See all news
Every day hundreds of people pass by the monument to Keene settler Nathan Blake, never knowing how Blake’s fascinating story of capture, ransom, and homecoming sheds light on our shared history. While there’s no shortage of captivity tales from the Connecticut River Valley in the 17th and 18th centuries, many of these histories were weighted toward the experiences of Colonial settlers.
But what about the "other side of the coin"?
Inspired by that question, the Horatio Colony Museum and New Hampshire Humanities created a series of 2018 programs to help us view Blake’s complex story of capture and release in a new light. The "Two Sides of the Coin" project is designed to broaden public awareness about the roles of Native indigenous people in our region’s history, and paint a clearer picture of war, captivity, and Native resistance. The final program in the series takes place in early September:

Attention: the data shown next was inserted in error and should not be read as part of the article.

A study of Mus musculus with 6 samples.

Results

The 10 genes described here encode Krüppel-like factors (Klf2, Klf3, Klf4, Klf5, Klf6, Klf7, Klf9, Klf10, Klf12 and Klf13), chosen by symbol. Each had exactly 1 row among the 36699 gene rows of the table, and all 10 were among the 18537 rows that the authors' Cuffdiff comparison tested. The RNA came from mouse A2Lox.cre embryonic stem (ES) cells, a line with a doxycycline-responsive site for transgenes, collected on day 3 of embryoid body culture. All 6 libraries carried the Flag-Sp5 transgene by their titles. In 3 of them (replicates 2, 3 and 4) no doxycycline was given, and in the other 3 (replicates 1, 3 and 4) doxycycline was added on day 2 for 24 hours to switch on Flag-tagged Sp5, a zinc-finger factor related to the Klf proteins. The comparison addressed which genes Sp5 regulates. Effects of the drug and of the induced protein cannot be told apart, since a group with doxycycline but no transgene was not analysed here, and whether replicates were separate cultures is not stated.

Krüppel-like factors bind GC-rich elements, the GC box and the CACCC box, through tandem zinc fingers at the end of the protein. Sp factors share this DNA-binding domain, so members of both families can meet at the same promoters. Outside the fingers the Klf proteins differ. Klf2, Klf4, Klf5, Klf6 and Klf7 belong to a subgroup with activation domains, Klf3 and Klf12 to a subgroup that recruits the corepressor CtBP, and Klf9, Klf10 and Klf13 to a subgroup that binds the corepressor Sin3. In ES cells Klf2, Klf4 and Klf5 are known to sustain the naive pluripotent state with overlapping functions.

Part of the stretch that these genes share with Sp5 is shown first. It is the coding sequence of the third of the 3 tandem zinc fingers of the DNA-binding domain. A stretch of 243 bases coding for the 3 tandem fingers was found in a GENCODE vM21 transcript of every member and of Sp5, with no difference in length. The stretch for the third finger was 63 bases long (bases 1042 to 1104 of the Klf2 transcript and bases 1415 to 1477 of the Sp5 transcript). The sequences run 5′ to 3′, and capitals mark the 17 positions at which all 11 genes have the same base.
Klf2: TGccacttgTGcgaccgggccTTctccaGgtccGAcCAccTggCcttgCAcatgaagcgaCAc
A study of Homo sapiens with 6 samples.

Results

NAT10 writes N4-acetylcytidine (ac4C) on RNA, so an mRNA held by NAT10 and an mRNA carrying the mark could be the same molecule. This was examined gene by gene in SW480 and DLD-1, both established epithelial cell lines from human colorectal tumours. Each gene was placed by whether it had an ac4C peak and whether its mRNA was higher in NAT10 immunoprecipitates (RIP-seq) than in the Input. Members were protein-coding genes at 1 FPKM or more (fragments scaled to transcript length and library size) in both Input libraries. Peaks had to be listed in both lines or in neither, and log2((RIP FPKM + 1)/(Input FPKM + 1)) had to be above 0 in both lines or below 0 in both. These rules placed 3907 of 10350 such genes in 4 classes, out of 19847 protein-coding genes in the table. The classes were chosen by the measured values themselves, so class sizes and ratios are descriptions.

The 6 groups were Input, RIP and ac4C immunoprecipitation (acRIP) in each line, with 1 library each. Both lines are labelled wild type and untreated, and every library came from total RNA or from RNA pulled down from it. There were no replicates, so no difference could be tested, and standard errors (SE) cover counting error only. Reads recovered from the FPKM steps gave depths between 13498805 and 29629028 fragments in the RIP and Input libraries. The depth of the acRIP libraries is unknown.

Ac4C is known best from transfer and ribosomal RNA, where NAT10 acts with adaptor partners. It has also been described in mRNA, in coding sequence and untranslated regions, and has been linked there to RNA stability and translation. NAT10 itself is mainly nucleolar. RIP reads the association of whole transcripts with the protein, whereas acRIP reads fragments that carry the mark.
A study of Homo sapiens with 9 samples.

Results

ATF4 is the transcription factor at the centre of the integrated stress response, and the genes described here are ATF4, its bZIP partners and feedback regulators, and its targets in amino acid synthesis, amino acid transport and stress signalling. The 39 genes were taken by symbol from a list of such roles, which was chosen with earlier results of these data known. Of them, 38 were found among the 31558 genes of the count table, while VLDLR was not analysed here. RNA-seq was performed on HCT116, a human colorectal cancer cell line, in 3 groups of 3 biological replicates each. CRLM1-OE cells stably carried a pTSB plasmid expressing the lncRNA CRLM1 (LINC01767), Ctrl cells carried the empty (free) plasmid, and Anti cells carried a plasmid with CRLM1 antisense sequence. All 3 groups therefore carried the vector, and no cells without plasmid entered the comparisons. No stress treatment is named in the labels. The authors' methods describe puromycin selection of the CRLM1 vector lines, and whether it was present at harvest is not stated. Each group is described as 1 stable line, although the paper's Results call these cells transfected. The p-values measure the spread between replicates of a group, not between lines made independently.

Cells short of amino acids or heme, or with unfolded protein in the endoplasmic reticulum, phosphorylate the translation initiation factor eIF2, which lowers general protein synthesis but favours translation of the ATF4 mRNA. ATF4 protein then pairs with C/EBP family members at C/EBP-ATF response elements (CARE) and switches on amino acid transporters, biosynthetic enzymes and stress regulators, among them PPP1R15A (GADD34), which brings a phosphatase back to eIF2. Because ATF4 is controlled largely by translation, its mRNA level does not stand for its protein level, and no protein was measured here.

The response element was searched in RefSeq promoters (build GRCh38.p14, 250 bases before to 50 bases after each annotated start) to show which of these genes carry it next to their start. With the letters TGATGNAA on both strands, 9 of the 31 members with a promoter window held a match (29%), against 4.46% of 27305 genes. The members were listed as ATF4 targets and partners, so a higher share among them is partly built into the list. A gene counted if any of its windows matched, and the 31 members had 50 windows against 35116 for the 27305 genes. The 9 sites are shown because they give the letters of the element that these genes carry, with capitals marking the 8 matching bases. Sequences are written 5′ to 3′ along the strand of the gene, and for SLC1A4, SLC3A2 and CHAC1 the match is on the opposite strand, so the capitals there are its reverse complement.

Saturday, September 8, 4:30-6:00 pm (pre-registration required)Horatio Colony House Museum, 199 Main Street, Keene
Abenaki master artist Vera Longtoe Sheehan, director of the Vermont Abenaki Artist Association and archivist/tribal secretary for the Elnu Abenaki Tribe, presents a gallery talk and introduces an exhibit of Abenaki tribal garments. Pre-registration is required. To register or for more information, please visit www.horatiocolonymuseum.org.
New Hampshire Humanities programs are made possible in part by a grant from the National Endowment for the Humanities (NEH). Any views, findings, conclusions or recommendations expressed in this these programs do not necessarily represent those of the NEH or New Hampshire Humanities.